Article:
The new regulations that will limit overdraft fees and debit card fees will have an impact on bank profits, and banks will likely be looking to make up for that loss with new fees. So we will have to keep a close eye on our accounts to make sure that no fees sneak up on us. I thought it would be useful to review five common fees that you might see on your bank accounts with tips on how you can avoid these fees.
New fees are sometimes only communicated in your monthly statements. A recent example is a new check image fee that Wachovia has started to charge (see forum thread). So it's important to monitor the statements even if you regularly monitor your balance by logging into your account online. Also, account alerts can be useful. Some banks allow you to set up alerts that will inform you by email when there are debits from your account or if your balance falls below a certain level.
If you do get hit with a fee, be sure to call and see if they can provide a courtesy refund. It never hurts to ask.
These five fees are not necessarily the worst fees, but they are ones that savers are most likely to face. I included not only some tips to help you avoid these fees, but also some examples of fees that certain banks are currently charging. If you've seen other fees that you think would be useful for others to know about, please leave a comment.
- Monthly Service Fee - There's often a monthly fee if your average monthly balance is too low. Some banks have raised their minimum balance. EverBank did this on their money market account in 2009. There have also been cases in which a minimum balance is added to an account. This happened at Amboy Direct when they imposed a $100 minimum to avoid a fee. This was only communicated in the monthly statements.
- Inactivity Fee - If you haven't had any transactions on your account over a certain period of time (1 year is typical), some banks will start charging a monthly fee until there's a transaction. I've been hit more by this at credit unions than at banks. Patelco Credit Union started charging me a $5/month fee after one year without a transaction on its share savings account. Setting up automatic monthly ACH transfers into or out of the account from an internet bank can often prevent this. Make sure to check with the bank to ensure that the ACH will count as a transaction.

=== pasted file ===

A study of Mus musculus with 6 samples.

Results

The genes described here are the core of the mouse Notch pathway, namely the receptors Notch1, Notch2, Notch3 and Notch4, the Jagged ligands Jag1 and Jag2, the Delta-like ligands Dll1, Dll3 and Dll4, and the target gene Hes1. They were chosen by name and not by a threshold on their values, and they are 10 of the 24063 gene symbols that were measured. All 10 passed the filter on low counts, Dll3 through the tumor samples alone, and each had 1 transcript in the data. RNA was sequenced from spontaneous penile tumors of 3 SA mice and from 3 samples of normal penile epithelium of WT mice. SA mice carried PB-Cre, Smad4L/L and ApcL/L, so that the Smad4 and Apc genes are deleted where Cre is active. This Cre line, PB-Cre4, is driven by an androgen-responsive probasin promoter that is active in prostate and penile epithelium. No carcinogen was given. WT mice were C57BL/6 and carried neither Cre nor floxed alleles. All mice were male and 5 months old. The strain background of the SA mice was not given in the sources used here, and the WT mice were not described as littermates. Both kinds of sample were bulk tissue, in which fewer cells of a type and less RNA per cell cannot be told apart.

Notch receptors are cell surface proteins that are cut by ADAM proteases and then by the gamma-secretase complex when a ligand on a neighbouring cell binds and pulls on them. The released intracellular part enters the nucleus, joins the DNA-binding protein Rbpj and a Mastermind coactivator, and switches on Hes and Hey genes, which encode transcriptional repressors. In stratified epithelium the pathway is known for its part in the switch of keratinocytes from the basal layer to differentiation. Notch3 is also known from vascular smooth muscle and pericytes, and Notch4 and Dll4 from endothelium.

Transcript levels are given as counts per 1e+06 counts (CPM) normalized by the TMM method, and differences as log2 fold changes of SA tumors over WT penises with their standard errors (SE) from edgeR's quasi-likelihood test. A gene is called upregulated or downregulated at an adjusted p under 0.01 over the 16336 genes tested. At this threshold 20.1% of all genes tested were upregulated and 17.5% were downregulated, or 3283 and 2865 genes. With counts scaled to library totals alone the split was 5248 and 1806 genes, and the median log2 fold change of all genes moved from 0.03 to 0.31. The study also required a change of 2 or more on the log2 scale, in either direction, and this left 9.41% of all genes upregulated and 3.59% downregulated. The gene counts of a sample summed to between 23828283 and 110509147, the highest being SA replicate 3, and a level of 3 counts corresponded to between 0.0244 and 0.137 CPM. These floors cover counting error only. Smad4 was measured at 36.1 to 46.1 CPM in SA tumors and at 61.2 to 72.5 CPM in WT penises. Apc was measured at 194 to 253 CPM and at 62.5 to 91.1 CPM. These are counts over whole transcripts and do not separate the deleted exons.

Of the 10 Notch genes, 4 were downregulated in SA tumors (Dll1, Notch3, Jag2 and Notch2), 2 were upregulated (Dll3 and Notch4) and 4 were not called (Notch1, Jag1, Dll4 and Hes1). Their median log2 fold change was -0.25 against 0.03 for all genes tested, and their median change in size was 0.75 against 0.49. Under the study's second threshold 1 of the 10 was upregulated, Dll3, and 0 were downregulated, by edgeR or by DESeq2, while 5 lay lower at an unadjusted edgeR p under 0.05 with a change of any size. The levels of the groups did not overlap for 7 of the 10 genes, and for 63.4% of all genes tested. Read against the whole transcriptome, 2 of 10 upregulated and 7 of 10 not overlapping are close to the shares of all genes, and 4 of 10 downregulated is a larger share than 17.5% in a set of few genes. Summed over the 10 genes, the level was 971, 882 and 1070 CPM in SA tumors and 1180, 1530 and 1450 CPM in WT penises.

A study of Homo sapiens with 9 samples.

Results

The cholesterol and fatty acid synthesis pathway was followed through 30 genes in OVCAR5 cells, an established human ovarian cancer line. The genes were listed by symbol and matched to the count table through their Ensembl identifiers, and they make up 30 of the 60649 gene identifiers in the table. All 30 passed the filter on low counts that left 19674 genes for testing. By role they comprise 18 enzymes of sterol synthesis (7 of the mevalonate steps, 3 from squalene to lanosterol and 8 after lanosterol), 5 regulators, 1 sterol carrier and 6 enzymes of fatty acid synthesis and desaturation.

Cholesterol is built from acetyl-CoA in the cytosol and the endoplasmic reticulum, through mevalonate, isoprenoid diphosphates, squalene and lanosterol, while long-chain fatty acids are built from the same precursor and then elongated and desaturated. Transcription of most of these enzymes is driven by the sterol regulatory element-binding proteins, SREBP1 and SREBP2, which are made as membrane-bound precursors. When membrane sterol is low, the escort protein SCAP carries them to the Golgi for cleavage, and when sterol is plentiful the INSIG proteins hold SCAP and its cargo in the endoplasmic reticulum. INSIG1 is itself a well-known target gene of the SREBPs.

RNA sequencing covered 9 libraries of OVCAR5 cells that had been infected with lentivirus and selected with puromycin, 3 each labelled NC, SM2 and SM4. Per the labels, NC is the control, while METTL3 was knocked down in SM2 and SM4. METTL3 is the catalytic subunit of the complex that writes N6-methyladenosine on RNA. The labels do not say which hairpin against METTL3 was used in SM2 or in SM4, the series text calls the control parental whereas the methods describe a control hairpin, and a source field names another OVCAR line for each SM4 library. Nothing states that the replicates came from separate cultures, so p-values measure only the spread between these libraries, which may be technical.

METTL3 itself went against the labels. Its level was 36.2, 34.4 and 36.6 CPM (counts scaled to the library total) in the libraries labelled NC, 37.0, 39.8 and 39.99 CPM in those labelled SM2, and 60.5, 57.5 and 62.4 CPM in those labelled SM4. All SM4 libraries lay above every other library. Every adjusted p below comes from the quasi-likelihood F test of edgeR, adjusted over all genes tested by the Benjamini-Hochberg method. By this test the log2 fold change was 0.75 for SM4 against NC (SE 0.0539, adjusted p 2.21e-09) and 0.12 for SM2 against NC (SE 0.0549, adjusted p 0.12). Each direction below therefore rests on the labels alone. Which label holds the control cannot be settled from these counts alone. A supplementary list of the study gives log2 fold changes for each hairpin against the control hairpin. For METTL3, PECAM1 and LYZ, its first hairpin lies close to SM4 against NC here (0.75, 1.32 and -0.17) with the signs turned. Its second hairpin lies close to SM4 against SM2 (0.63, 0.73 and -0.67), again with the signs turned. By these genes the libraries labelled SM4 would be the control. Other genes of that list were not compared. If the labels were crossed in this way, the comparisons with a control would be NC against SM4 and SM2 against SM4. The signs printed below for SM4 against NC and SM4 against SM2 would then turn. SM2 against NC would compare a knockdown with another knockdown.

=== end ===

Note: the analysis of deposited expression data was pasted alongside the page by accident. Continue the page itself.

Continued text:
- Too Many Withdrawals from a Savings Accounts - Savings and money market accounts are limited by federal regulation to no more than six withdrawals done electronically or by check (it used to be limited to 3 checks). So I can't really fault banks for charging a fee when you go over this limit. Be careful when you open a new internet account and link it to a savings account. If that linking includes trial deposits that are withdrawn, that can count as a withdrawal. Also be careful when opening CDs. For example, it's easy to open multiple CDs at Ally Bank and have them funded from your Ally Savings Account. However, each withdrawal for a CD will count toward the six-per-month withdrawal limit.
- Online Bill Pay - More banks are making this free. Sometimes it's only free if you meet certain conditions. For example, if you have EverBank's FreeNet Checking, online bill pay is only free if you maintain a $5,000 minimum balance. Otherwise, they charge $8.95 monthly fee when you use online bill pay. I've also seen some banks charge for online bill pay if you don't regularly use it.
- ACH Transfers - Most internet banks allow you to make free ACH bank-to-bank transfers. A few will charge you a fee if you want a next-day transfer. Many brick-and-mortar banks don't offer ACH bank-to-bank transfers. The ones that do often charge when you transfer money out of the account. One example is Bank of America which charges $3 for ACH outbound transfers. Chase recently eliminated its fee for outbound transfers. If you want to avoid this fee, open an internet account like at Ally or Discover and initiate the transfers from the internet bank. It's rare for a bank to charge you when you pull funds from another bank (unless you go over the 6-per-month limit).